Purpose: To report orgasmic epilepsy as a manifestation of paraneoplastic limbic encephalitis in a patient with small cell lung cancer.
Case report: A 57 years-old woman presented with 2 month history of daily spells that consisted of a sudden pleasure provoking feeling described 'like an orgasm' lasting for 30 s to 1 min. She was a heavy smoker and had noted recent weight loss. Bronchial biopsy, following the finding of a right lung mass, confirmed the diagnosis of small cell lung cancer (SCLC). Spells subsided after starting carbamazepine. The lung cancer was treated with chemotherapy and chest radiation therapy resulting in a complete radiologic response.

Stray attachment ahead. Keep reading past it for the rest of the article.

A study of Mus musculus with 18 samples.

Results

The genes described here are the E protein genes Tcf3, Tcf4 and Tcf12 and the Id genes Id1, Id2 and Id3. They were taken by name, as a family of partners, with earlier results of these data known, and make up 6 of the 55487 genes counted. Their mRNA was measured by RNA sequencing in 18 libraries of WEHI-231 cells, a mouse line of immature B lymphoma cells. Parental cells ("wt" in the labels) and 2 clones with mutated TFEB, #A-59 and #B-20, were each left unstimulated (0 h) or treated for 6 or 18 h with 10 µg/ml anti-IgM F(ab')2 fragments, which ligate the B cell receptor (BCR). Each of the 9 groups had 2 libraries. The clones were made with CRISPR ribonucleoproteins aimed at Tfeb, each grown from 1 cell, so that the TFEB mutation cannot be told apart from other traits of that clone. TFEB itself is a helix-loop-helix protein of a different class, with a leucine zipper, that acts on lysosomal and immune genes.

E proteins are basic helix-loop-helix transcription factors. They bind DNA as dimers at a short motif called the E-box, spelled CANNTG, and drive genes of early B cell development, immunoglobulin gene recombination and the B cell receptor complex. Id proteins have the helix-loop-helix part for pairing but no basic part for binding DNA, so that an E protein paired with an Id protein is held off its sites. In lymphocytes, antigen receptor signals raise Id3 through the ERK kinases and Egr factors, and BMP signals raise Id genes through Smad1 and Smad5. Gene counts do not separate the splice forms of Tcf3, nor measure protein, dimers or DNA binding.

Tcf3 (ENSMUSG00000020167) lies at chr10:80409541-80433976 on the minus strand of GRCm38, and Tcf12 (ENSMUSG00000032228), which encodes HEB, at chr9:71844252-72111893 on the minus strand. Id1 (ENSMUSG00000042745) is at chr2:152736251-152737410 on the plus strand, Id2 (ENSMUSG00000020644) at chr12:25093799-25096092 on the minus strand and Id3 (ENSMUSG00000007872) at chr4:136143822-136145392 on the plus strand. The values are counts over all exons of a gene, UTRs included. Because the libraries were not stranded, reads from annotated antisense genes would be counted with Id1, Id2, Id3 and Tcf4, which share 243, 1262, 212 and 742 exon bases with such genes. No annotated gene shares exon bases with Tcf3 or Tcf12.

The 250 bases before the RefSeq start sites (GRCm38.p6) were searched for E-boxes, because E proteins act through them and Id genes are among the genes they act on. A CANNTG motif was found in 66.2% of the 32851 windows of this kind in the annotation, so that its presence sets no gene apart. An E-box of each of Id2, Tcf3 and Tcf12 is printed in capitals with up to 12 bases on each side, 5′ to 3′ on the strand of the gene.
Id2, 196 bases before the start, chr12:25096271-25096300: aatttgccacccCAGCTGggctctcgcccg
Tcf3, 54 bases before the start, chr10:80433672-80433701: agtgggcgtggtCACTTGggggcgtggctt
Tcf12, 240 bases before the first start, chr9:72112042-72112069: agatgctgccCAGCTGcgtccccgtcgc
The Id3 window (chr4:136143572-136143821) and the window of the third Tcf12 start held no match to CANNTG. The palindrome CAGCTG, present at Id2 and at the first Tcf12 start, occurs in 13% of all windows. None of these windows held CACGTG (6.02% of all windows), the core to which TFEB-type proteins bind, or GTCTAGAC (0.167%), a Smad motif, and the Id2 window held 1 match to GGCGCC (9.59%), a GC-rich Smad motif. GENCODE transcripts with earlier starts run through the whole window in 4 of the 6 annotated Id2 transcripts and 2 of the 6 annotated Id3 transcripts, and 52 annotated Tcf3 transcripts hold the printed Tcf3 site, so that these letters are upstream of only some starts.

Results: Brain magnetic resonance imaging (MRI) revealed left temporal lobe area of increased signal on T2 and FLAIR sequence. T1-weighted images after contrast administration demonstrated a circumscribed area of enhancement in the left anterior medial temporal lobe. Electroencephalogram (EEG) showed focal left mid-temporal sharp waves and intermittent slowing. Anti-Hu antibodies were detected in her serum supporting a diagnosis of paraneoplastic limbic encephalitis as the cause of her orgasmic epilepsy. The patient has been followed for 2 years after treatment without tumor recurrence or neurological deterioration.
Conclusion: Orgasmic epilepsy is another mode of presentation of paraneoplastic limbic encephalitis leading to the diagnosis of an occult SCLC. EEG and MRI findings suggest that in this case the seizures originated from the left hemisphere. It is possible that early recognition and treatment of the SCLC will improve the prognosis of this neurologic entity.